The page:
Midterm Progress

storyboard1 storyboard2.2 storyboard3 storyboard4.5 storyboard5 storyboard6 storyboard7 storyboard8 guywalkpanelconstruction

Progress has been slower than I’d prefer. I’m getting mired down in concept and every time I get an idea I have to come to a full stop and decide on what using it would mean for the piece. I think I need to care a little less; this is starting to feel all too familiar.

Anyway, in these storyboard panels you can see where the color scheme shifts dramatically to represent a change in atmosphere. At this point, I have an “intermediate” shot between the two major color schemes that have been laid out so far. The shot, a wide shot of the character walking through an outdoors environment, rests somewhat ambiguously between the warms from the interior of the character’s home and the cools from the cultists’ lair. The colors are similar to those of the opening shots, so they aren’t just coming out of nowhere.

All the panels are drawn at 1920×1080 because I’m trying to cut down on total work time by actually developing the backgrounds and animation as I work on them. (In order to accomplish this, the .psd files are robust, to say the least.) This means that when I string them together to create my animatic, it should read pretty well. From there I’ll be able to dive right into doing the in-between frames. I’m finding the painterly style to be fairly easy to replicate over a span of many drawings, so I’m confident that I’ll be able to maintain it for the final animation.  The final image of the post is an animated .gif outlining my process of constructing each panel in order to show how the layers are broken apart.

I tried a bit of experimentation with the main character’s walk. What I have here is something I did wrong, which taught me what not to do. I wanted to see how the walk would look if I put the down on the passing position and the up on the contact. As it is, it’s not working very well because the character looks way too jaunty. I think I’m going to have to dial that down by limiting his motion; in the walk cycle that’ll mean much shorter steps, less of a difference between the down and the up heights, and probably a little less arm swing to boot. In terms of other animation, it means less is more. In contrast, I’m putting a lot of focus into making sure the masked cult leader has a range of silhouettes that accentuate motion. The spiral hat/hair/thing sticking out of the top of his head proves to be an interesting challenge here, since I’m trying to avoid having it overlap with any other features in order to maintain that readability.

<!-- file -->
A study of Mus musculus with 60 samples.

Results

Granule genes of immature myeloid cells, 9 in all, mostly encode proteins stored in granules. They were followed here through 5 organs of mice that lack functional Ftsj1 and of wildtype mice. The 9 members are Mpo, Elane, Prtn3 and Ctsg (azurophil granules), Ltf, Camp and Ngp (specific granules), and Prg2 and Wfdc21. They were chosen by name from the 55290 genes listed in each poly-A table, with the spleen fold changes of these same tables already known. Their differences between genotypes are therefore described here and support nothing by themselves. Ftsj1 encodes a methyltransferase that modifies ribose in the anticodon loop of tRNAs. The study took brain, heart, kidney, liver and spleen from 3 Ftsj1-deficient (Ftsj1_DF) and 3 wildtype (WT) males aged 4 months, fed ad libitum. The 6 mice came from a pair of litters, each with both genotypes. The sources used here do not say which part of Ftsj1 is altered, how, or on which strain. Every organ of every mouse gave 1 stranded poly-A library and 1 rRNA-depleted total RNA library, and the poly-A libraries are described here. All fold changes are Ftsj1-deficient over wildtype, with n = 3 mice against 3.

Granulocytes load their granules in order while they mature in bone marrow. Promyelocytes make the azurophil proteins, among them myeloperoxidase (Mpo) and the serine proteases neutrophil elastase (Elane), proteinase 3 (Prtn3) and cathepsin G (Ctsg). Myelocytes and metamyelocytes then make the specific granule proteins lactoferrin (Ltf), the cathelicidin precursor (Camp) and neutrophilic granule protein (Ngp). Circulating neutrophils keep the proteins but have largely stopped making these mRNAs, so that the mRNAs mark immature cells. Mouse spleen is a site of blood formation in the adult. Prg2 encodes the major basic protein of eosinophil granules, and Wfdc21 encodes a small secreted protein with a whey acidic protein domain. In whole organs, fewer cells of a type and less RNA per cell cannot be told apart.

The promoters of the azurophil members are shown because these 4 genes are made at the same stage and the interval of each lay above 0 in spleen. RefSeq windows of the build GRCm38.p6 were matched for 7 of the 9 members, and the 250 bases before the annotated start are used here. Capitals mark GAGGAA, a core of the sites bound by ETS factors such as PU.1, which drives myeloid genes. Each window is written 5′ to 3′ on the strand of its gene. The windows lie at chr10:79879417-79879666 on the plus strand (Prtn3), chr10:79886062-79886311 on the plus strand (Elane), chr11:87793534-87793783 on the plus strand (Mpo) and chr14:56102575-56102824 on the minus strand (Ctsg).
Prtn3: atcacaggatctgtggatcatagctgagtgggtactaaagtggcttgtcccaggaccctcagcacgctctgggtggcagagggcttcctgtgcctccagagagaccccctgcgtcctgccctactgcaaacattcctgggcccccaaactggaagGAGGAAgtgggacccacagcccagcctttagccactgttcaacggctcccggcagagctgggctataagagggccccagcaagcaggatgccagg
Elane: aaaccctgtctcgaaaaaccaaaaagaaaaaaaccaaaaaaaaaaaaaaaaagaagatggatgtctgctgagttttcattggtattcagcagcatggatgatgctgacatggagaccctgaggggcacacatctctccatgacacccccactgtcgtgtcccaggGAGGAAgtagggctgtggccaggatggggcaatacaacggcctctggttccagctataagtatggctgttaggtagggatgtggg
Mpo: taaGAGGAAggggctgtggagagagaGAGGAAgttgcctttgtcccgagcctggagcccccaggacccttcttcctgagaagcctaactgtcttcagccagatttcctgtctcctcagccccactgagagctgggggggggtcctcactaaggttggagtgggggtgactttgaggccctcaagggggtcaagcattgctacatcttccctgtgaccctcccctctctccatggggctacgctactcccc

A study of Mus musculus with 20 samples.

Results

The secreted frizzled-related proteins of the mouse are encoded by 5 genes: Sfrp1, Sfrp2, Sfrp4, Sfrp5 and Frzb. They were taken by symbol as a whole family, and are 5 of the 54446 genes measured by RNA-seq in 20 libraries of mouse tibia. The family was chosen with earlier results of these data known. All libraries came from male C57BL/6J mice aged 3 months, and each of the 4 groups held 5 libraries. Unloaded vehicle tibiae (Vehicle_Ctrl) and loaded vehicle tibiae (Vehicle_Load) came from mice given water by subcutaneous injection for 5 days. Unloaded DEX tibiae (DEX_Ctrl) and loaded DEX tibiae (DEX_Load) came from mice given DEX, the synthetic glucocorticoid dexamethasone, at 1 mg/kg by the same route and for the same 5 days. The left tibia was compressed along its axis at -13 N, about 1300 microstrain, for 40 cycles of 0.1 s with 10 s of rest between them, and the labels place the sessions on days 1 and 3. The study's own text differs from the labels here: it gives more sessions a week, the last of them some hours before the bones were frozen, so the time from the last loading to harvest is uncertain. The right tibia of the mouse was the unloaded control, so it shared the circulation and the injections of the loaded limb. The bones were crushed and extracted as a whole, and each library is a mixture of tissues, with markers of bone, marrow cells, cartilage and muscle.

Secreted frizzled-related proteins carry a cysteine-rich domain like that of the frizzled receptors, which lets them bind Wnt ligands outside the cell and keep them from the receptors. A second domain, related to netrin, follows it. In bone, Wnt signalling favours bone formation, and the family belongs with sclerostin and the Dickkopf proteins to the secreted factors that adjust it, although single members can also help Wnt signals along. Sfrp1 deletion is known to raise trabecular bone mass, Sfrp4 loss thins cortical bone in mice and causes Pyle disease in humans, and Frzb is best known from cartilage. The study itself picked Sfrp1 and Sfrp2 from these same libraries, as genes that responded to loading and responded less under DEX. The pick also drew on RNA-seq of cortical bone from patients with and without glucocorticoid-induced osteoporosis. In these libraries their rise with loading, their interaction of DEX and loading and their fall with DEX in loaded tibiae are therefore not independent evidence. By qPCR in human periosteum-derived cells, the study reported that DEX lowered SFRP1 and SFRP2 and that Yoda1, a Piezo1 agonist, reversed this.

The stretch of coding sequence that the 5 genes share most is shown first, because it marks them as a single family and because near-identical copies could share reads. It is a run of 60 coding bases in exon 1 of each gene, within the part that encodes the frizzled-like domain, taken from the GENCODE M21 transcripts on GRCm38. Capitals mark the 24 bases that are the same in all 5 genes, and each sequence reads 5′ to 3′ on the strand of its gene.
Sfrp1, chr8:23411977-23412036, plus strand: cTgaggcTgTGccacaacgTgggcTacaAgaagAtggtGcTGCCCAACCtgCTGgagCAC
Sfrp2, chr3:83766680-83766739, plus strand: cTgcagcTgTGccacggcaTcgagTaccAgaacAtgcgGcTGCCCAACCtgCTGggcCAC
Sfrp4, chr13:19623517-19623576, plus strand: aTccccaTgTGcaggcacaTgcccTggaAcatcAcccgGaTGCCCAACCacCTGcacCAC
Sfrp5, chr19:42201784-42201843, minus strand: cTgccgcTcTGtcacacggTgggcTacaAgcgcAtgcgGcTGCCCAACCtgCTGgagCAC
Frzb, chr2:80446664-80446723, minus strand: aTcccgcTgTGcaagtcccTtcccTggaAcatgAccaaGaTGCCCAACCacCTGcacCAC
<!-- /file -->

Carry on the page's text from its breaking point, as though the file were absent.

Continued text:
My character designs are no longer the same as they were when I first began conceptualizing them, but they’re still consistent throughout the storyboards I’ve done thus far.

There’s one more major color scheme I’ll be introducing once the main character is “indoctrinated,” then one final shift after that as the character makes its way back into its home at the end.

Egregiously, I haven’t had the opportunity to scan the storyboard panel thumbnails I’ve sketched. I’ll add those panels to this post as soon as I’m able.

I’m considering scrapping the whole “trippy room warping” effect I have going on in some of the early panels, because it doesn’t make too much sense with the direction I’m taking the concept.


Animator in training. Connoisseur of concepts. Today I live to see. Tomorrow I'll live to show. Every day I live to learn.

  1. Smart move making the storyboards actually usable for the animation. Some might need to be cleaned up first though before you use them.

  2. Like we were saying in class, make sure your walk cycle is more cautious and less confident, since your character is more shy/nervous. Also, from the way you were explaining it, it seems like an awfully big project to complete in the amount of time we have left.

  3. jordana99 says:

    I’ve seen you accomplish some impressive things under a time crunch so as long as you keep pushing forward I can see you being able to get this done with some extra overnighters, we’ll make lots of coffee! Your lighting makes the piece so visually beautiful and the simplicity of the characters allows you to get some great motion. Your “what not to do” walk cycle could still be used as something silly to toss into the credits so there’s that.

  4. I’m really excited to see how your project turns out. I love the shot in particular where your character looks at the invitation and then walks over to retrieve it.
    The shot that closely follows where he peers at the door handle is a bit confusing, as I am not sure where he is in relation to the door. In the shot before he still seems as though he would have to take a step forward to grab the handle, but it seems like he has Mr. Fantastic’s capability of stretchy appendages.

  5. pattypadilla says:

    Your art work is so unique and the story seems strong right before the ending. The ending seems like if you are trying to say to many things at once and ends up making the beginning weak because it doesn’t make sense.